News and Information

Gene switch can 'turn off cancer'
October 11, 2004
Scientists have shown they can turn off a cancer-causing gene in mice, offering hope of new treatments for cancer patients.

The Stanford University team used a common antibiotic to turn off a gene called Myc, which is known to trigger cancer.

Mice remained cancer free for as long as they took the drug. The drug also turned cancer cells back to normal.

Cancer experts said the Nature study held promise for human cancer drugs.

Cancer switch

The findings might also apply to cancers of the breast, bowel and prostate, the researchers hope.

This is because all of these cancers, as well as liver cancer, begin in cells that line the body called epithelial cells.

According to Cancer Research UK, the gene may contribute to as many as one in seven cancer deaths.

Drugs blocking Myc might be effective cancer treatments in the future.
Dr Elaine Vickers from Cancer Research UK

The Stanford scientists studied mice whose liver cells had been altered to carry a modified Myc gene known to cause cancer.

Myc controls cell division. Unlike the normal version of the gene, the modified version stayed permanently switched on, meaning cells were constantly dividing and some became cancerous.

Feeding the mice the antibiotic doxycyline turned the faulty Myc gene off so cancer growth was blocked.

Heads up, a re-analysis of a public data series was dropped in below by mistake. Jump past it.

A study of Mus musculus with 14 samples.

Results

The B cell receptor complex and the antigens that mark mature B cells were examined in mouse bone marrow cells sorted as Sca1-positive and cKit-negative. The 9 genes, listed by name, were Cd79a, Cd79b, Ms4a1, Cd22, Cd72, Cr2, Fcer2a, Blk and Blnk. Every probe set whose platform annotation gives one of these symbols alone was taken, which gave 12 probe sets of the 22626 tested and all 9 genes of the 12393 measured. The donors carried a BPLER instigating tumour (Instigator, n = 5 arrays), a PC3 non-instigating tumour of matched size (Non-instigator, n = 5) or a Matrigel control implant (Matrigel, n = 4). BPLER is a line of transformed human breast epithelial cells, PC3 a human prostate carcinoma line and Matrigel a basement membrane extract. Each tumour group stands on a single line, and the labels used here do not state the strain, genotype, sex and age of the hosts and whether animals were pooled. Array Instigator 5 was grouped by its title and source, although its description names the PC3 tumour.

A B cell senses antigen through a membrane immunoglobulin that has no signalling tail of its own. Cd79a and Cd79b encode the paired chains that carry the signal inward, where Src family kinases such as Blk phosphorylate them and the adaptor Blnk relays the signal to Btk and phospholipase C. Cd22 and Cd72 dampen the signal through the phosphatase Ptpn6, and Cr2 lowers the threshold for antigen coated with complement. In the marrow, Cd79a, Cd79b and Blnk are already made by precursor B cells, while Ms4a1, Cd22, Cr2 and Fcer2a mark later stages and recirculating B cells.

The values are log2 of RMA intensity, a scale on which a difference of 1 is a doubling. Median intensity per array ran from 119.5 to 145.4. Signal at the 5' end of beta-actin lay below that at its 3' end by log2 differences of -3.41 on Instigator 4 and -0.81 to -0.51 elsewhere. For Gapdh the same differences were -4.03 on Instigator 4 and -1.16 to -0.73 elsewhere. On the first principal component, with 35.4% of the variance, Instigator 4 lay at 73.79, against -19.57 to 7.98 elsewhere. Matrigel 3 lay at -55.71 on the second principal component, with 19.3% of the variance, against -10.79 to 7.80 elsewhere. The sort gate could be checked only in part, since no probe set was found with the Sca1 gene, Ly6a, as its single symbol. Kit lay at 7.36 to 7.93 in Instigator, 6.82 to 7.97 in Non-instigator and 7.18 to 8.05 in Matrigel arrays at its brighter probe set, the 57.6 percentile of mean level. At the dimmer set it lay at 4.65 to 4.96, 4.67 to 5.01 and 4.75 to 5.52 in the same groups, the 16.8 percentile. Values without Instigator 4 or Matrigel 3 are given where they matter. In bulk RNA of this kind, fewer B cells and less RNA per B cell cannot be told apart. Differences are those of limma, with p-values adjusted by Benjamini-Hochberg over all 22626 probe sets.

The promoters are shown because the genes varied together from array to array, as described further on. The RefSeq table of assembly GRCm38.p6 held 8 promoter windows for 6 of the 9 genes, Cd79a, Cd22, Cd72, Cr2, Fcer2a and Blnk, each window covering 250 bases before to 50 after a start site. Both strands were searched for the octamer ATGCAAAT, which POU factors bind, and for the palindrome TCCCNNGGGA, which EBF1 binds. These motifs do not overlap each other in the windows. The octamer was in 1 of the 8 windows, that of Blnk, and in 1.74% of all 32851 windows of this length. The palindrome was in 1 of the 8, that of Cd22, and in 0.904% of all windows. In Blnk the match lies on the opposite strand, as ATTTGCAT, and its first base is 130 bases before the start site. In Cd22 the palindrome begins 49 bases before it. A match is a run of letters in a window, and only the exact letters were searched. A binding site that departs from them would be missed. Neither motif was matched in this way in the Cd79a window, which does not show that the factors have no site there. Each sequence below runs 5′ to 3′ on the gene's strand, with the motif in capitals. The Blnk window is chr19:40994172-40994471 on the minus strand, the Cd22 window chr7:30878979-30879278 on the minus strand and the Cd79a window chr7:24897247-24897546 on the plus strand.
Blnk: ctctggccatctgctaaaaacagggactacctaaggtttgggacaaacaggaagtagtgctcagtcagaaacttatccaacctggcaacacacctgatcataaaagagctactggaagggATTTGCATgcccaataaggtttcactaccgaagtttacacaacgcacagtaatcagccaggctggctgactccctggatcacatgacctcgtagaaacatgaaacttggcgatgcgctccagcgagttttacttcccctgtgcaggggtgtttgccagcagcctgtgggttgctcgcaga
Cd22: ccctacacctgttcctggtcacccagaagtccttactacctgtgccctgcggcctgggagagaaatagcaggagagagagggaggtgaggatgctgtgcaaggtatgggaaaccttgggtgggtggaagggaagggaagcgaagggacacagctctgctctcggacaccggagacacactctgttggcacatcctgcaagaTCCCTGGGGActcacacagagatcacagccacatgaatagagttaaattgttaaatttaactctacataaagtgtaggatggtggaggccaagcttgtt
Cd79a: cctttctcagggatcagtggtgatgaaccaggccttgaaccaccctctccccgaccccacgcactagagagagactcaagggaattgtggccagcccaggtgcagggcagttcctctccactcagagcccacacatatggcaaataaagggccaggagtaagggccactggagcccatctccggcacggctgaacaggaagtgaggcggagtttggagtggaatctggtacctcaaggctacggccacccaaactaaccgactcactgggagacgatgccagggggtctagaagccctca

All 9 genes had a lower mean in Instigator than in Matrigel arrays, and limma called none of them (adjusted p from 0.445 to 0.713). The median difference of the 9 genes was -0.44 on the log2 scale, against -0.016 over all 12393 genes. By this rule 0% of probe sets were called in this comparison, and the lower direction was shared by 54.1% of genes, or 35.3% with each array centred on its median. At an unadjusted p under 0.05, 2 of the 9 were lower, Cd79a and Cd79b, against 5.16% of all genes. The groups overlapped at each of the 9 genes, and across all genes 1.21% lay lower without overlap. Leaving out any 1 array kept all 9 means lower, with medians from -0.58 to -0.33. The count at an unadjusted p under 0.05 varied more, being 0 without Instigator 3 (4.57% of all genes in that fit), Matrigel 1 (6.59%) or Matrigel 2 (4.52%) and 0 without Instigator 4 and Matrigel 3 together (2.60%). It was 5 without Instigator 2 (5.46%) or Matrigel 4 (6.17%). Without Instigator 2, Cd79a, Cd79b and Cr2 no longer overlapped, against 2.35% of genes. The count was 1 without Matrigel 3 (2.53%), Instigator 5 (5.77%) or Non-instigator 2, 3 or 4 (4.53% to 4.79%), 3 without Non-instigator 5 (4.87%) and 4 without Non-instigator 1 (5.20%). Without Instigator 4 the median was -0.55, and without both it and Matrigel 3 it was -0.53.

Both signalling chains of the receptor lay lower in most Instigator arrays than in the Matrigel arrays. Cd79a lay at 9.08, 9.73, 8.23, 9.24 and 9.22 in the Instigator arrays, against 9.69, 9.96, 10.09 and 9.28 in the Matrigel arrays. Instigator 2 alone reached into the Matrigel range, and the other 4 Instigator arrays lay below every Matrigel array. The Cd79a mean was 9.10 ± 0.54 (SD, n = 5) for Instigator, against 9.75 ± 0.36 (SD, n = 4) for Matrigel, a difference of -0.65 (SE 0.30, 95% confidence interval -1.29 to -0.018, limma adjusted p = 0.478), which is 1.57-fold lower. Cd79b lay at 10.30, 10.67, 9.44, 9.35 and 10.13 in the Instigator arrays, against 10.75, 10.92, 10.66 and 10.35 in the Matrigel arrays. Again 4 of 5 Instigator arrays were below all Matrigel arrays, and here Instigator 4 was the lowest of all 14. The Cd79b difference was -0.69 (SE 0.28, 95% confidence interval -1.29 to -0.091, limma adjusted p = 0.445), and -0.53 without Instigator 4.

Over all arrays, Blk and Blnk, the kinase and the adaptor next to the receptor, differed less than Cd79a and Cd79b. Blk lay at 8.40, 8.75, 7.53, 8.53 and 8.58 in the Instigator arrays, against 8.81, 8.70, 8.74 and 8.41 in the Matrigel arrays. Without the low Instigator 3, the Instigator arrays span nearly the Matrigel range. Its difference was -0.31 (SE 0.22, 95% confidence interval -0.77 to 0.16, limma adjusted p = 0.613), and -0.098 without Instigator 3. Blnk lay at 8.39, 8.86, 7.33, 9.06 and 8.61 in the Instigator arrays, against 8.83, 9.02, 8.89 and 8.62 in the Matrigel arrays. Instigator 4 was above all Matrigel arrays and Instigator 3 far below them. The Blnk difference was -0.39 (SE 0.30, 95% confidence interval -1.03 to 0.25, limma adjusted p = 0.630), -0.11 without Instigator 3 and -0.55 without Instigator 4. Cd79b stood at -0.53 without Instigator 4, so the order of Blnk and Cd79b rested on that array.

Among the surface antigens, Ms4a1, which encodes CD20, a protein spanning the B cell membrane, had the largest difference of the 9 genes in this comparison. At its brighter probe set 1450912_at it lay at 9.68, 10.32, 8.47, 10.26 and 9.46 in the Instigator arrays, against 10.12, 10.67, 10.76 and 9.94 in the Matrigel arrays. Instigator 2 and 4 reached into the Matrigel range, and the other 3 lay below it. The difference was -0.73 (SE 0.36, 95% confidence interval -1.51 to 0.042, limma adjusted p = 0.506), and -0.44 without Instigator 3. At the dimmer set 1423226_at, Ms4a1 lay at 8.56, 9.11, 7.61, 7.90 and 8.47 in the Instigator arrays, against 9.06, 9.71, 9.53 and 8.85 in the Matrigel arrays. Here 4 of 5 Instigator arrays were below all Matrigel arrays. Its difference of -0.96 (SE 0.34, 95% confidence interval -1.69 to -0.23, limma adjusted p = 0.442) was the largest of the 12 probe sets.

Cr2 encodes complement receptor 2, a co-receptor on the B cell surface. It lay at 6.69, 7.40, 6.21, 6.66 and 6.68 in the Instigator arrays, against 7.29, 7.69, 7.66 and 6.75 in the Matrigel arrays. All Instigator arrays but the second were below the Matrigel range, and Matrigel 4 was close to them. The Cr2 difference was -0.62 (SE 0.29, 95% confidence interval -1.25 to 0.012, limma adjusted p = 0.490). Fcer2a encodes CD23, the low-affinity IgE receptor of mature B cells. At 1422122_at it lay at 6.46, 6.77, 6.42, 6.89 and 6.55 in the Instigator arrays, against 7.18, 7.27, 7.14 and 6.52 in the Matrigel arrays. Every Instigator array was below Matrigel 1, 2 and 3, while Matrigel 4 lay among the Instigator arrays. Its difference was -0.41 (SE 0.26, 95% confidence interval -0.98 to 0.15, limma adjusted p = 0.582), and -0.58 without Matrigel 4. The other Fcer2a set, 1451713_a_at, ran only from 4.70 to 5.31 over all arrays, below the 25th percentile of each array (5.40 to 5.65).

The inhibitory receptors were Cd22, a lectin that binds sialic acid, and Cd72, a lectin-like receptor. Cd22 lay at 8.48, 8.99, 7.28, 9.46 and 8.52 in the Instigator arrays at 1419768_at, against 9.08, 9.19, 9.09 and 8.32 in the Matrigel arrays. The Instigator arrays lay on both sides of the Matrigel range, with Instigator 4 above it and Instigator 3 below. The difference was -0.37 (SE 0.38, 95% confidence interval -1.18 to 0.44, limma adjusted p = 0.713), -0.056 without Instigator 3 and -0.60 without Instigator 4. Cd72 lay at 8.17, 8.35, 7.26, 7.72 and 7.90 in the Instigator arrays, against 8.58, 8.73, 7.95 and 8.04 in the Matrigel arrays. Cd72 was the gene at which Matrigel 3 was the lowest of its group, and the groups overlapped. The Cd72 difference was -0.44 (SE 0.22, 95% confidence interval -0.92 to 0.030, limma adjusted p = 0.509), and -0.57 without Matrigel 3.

When the researchers stopped the doxycycline the mice developed aggressive liver cancer.

Reintroducing doxycycline into their feed not only turned Myc back off, blocking further cancer growth, but it also turned the cancer cells back to normal.

Reversing cancer

Lead researcher Dr Dean Felsher said: "The exciting thing is you can turn cancer cells into something that appears to be normal."

But he said even though the cells looked normal, they still had the ability to become cancerous if the antibiotic were to be stopped.

This could explain why some cancers come back after people have had chemotherapy, he said.

"This is a terrible cancer. Anything that is encouraging in liver cancer may be important," he said.

Dr Elaine Vickers, science information officer for Cancer Research UK, said: "The Myc gene is known to be overactive in many types of cancer.

"Estimates suggest that the gene may contribute to as many as one in seven cancer deaths.

"This research is very interesting.

"It adds to the weight of evidence suggesting that drugs blocking Myc might be effective cancer treatments in the future."